It has become cool to build things again. Products like the Pebble watch, MakerBot, and the Nest Thermostat have captured the imagination of the consumer world. New platforms like Arduino and Raspberry Pi make it easier than ever to prototype a hardware idea, and more companies are trying to manufacture those ideas stateside.
Tesla Motors, one of the most provocative companies in the world right now, is a marquee example. One of the most striking features of the company is their vertical integration; its Fremont, California, manufacturing facility houses the production team as well as the engineers and designers. While very common in traditional manufacturing, that practice had become unusual since the late 1970s, when the offshoring movement began to place the designers and the producers of any given widget further (and farther) apart, both geographically and culturally. It has become increasingly common to “design it here, build it there.”
Yet, since the Great Recession, perceptions around manufacturing have shifted significantly and today more and more of it is being reshored nationwide. All of the advancements and interest have produced a nasty side effect, however: Many entrepreneurs without previous manufacturing experience make huge assumptions about the process and its many complexities. From the outside, it seems pretty easy — Wal-Mart and Best Buy are teeming with plastic toys, consum-er electronics, and devices for just about anything. Entrepreneurs can be pretty surprised to learn the vast differences between shipping code and shipping a physical good.
So, how can a hardware startup benefit from the resurgence in American manufacturing? When my co-founders and I started Beam Technologies (makers of a connected toothbrush) in early 2012, we had never developed and mass manufactured anything before. We made tons of mistakes, and learned a lot about the process. Perhaps most importantly, we realized that we could learn from Tesla — we too could use vertical integration to our advantage, even with a product far less complex than a car. We decided to bring our entire supply chain within a day’s drive of our office, which came with some distinct benefits, both to us and to the suppliers, such as:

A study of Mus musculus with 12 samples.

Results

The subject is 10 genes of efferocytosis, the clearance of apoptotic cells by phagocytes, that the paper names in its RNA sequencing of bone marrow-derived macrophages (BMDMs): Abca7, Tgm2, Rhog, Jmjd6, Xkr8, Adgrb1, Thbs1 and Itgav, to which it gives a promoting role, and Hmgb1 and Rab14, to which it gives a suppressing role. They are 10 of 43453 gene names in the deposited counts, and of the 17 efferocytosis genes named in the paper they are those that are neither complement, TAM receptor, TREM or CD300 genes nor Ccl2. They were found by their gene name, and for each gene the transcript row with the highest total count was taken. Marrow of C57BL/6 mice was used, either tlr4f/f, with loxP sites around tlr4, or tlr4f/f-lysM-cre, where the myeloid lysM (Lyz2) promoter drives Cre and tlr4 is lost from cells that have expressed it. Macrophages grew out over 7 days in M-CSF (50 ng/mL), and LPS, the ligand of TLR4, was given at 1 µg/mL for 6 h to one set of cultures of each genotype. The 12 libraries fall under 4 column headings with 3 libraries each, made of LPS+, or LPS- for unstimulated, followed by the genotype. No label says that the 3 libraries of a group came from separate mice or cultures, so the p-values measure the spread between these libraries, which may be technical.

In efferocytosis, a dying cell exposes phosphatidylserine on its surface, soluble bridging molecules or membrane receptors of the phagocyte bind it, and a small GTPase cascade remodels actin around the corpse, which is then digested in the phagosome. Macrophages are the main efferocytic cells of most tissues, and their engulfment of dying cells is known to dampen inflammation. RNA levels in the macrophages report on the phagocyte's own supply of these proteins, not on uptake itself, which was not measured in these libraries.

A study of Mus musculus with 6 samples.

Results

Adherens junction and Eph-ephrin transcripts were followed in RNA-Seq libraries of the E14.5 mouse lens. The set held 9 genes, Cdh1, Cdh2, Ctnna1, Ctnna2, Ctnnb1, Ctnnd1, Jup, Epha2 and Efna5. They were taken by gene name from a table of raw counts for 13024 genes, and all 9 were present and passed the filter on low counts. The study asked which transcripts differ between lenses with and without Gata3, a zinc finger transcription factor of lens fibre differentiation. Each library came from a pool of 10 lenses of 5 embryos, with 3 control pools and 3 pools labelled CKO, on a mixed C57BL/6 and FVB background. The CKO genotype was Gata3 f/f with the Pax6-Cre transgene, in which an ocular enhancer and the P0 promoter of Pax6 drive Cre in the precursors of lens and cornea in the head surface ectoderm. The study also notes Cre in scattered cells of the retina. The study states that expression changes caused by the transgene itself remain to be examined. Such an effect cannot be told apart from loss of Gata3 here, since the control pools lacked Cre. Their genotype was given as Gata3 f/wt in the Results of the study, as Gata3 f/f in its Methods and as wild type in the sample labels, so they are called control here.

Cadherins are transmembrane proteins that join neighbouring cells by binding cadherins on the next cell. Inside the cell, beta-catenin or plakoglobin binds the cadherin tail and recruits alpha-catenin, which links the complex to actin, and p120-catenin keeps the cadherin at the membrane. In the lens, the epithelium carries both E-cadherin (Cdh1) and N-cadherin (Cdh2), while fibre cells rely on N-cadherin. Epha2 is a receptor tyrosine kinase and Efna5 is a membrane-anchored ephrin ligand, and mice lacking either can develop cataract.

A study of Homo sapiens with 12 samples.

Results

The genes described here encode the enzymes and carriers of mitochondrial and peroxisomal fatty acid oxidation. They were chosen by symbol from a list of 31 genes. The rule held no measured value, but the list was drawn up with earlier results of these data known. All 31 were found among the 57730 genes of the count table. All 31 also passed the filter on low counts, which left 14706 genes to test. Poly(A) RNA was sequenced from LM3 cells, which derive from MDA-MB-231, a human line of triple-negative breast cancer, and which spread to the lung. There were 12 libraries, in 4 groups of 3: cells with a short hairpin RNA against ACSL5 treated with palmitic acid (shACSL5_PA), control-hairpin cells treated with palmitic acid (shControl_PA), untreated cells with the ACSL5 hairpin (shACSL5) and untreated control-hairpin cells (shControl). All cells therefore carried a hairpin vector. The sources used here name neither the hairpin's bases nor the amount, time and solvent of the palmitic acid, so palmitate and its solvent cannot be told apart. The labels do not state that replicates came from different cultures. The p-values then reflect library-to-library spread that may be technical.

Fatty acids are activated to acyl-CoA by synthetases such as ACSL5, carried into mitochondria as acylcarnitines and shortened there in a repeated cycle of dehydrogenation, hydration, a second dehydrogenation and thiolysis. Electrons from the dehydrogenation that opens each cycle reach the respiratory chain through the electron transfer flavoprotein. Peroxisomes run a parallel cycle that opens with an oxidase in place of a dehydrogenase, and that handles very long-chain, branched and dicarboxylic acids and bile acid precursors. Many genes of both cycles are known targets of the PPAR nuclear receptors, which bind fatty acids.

- In-House Quality Control. Instead of waiting on a shipment to come in from thousands of miles away, our own employees can do quality control in real time. Entrepreneurs can learn directly from industry experts on how adjustments — many of them very low cost — can vastly improve the consistency and quality of the parts coming off the line. Being able to physically meet and compare drawings and prototypes allowed us to resolve simple fitting issues that plagued the first toothbrush.
- Speed to Market. Any startup is going to have an irregular and awkward early growth. Changes to parts, molds, and packaging will inevitably need to be made. Having suppliers in the same time zone who can react to your needs quickly can be the difference between a smart pivot to grow faster and a failed business.
- Build Better Relationships. In-person meetings with manufacturers lead to familiarity with, and excitement for, your products. It leads to a congratulatory dinner when the commercial parts roll off the line. And when things go wrong on either end, mutual respect is much more likely to survive. It may also lead to lower upfront costs, delayed payments, payment plans, or other mechanisms to make the financing issues easier. It gives manufacturers a reason to work with you instead of dedicating machine time to a more established player.
Even naïve startups can learn how to build things more efficiently from experienced manufacturing and tooling experts. If the developers and the producers of a product are interacting directly, all of the advantages of quality, communication, and speed should ultimately lead to a better product for your company, and for your customers.